Computer giant Dell plans to begin offering the Linux-based Ubuntu operating system on its computers, the company announced Tuesday.
In a partnership with Dell, Ubuntu’s distributor Canonical will provide technical support and service to Dell customers for an additional fee. Both Dell and Canonical hint that this could be just the beginning of a long and beautiful friendship.
Although speculation has been rampant for weeks that Dell would soon roll out computers preloaded with Linux, the company has been tight-lipped about any specific plans. Members of the Linux community watched anxiously as surveys at Dell Idea Storm, the company’s interactive consumer relations Web site, showed there was indeed a demand for computers with factory-installed Linux.
Rumors jumped to a fever pitch recently, when visitors to the Dell Web site noticed that CEO Michael Dell himself runs Ubuntu Feisty Fawn on his laptop. Still, the only purchase option on the site remained Dell’s n-Series model that shipped with no operating system at all and allowed buyers to install their own.
While Dell remains closed-mouthed about what specific types and models of computers will be available for purchase, it will begin shipping the first units “in the coming weeks. … We’ll have a dedicated site that will serve as a portal for purchasing the products with links to product resources [such as] community forums, etc.” Jeremy Bolen, a spokesperson for Dell Product Communications, told LinuxInsider.
Dell’s decision to partner with Canonical was largely based on consumer responses at Dell Idea Storm, Bolen stated.
“Unequivocally, Ubuntu was the distribution of choice by a wide margin in our Linux survey conducted in March. … Our target market for the initial offering is Linux enthusiasts who want the option of an open source operating system factory installed,” Bolen added.
Bolen would not say if Dell plans to offer any other Linux-based distributions in addition to Ubuntu or whether its agreement with Canonical would preclude it from doing so. However, Dell “will continue to take feedback from our customers and implement meaningful offerings that meet their needs,” he said. “This is the start of an ongoing positive relationship with the best interests of our customers in mind.”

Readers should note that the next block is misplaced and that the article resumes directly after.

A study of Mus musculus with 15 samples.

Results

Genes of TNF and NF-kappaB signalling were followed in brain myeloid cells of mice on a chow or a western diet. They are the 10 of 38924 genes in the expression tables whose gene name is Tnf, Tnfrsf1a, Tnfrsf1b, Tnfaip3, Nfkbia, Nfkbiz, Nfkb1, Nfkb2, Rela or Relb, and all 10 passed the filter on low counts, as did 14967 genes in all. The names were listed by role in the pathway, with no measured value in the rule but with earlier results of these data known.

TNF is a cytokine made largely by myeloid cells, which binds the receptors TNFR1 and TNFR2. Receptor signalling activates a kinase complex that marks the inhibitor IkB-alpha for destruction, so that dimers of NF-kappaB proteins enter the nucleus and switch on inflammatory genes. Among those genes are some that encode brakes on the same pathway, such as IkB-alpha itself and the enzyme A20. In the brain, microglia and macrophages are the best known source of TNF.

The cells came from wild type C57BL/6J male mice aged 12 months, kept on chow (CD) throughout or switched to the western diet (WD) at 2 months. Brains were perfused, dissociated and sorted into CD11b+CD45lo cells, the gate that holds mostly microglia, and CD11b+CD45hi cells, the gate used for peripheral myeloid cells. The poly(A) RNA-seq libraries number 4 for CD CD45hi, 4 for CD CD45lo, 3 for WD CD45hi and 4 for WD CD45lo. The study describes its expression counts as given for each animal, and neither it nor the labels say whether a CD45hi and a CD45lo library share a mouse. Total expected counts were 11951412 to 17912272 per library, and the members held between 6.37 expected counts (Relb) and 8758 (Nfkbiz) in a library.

Users Want Choices
Canonical’s partnership with Dell has been in the works for months, Canonical COO Jane Silber stated, adding that it’s simply a part of the natural evolutionary process as Linux continues to gain widespread approval.
Linux-based operating systems are no longer considered appropriate only for highly technical users and are now gaining mainstream approval, Silber told LinuxInsider. Now, users want choices.
“There had to be a general broadening of appeal first and market forces are aligning in such a way that this [partnership] is now practical,” she said. “We’re very positive about this as another continued step in the widespread adoption of open source options. This gives consumers a real opportunity to have choices, something they haven’t had in the past.”
Additionally, Canonical has “an active program of working with others around the world, and large companies like Intel and Sun already participate in the development process,” Silber stated. “This is the first effort on such a large scale, but we continue to have conversations with a number of system builders.”
It is unclear if Canonical will help fund the marketing or any other aspect of the computers, or if Dell has helped fund any part of the Ubuntu projects, as both companies refused to comment on the specifics of their business relationship.
News of the partnership is likely to be met with a great deal of enthusiasm from the Linux community, Dana Gardner, principal analyst for Interarbor Solutions, told LinuxInsider.
“Obviously, any preinstallation of Linux in a major PC distribution channel like Dell is a fairly big deal,” he stated. “It helps those who want to get a clean Linux [computer] up and running quickly, so it does accelerate the ease with which a non-tech user could be running the services and applications they are interested in.”
If this partnership goes well, other PC manufacturers will likely follow suit, Gardner noted, adding that it could also drastically improve the availability of Linux-supported drivers and address other compatibility issues.
“This is an instance where Dell is testing the waters, and if it turns out to be smooth sailing, I think we’ll see other ramp-ups in this direction and perhaps the creation of more of an ecosystem around Linux,” he said. “If Dell starts gaining market share in this small but influential space, then others will have to take notice. Furthermore, Ubuntu has a lot of community support so this really is a win-win situation.”